September 16, 2016
This clear path to success suggests that encouraging and supporting strong families should be a central focus of social policy. This week, Donald Trump gave an important speech with a plan to do just that by making child care more affordable–both for working parents and for those who choose to do the hard work of raising their kids at home.
The plan, which reflects especially the advice and contributions of Ivanka Trump and House Republican Conference Chair Cathy McMorris Rodgers (both mothers of young children), would be a significant help to mothers and families struggling with the high costs of child care.
The plan’s most important provision is based on a simple conservative principle: letting Americans keep more of the money they’ve earned. Our tax code gives deductions for health expenses, home mortgages, charitable gifts, green energy expenditures and many other things. Trump’s plan would include child care in that list, giving families a tax deduction for the average cost of child care in their state. That would be significant relief for millions of Americans, since as Trump pointed out in his speech, for many working and middle class families this is their highest monthly expense.
In addition, the Trump plan offers help to the poorest working Americans afford child care through an expansion of the Earned Income Tax Credit. As he explained, “Working parents can get an expanded EITC benefit that equals up to half of their total payroll tax – a major relief for low-income parents. This translates to as much as an extra $1,200 dollars in EITC benefits for working families.”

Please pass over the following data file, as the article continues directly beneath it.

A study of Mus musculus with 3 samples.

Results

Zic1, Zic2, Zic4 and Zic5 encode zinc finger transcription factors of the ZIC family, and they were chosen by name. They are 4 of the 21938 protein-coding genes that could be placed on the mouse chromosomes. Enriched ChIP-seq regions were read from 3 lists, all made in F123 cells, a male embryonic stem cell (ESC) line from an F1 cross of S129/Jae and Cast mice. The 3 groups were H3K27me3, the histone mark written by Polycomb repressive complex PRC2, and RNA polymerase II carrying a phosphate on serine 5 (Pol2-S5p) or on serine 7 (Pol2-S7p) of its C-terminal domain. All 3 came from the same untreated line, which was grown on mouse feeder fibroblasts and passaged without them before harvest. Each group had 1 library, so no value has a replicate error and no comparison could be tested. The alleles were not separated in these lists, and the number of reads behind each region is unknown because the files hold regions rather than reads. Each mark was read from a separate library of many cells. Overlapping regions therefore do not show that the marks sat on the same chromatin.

In the modern world, caring for family members often means helping take care of older Americans as well. For this reason, the Trump plan offers a tax deduction of up to $5,000 a year for elder care in addition to child care, to benefit those families who have adult dependents.
Notice how different Trump’s plan is from the social proposals of Hillary Clinton and her left-wing allies, who want to use child care as an excuse to create a new, government-run bureaucracy that can be unionized and controlled by bureaucrats. The left’s approach is virtually the opposite of a plan based on letting Americans keep more of the money they’ve earned, to spend on their families as they see their needs.
A few conservatives have expressed concern that Donald Trump’s plan to actually help families, children and mothers who work in the home is somehow not conservative enough, even though it is based primarily on reducing working families’ tax bills. In fact, however, the Trump child care plan, along with the tax reform plan he outlined Thursday, are both firmly within the conservative tradition of pro-growth, pro-family policies that help make life easier for hard-working Americans.
In addition, the plan would be paid for in part by bringing to government the techniques businesses use routinely to detect, stop and recapture fraudulent payments. Our government currently pays many tens of billions of dollars each year to crooks who abuse Medicaid, Medicare, unemployment, false tax refund, and dozens of other programs.
Under a Trump administration, a competent government focused on fraud could save well over $100 billion a year–and instead of paying crooks, we could offer relief to working families.
The Trump child care plan is worth reading and sharing with the working parents in your life. You can learn more about the plan here.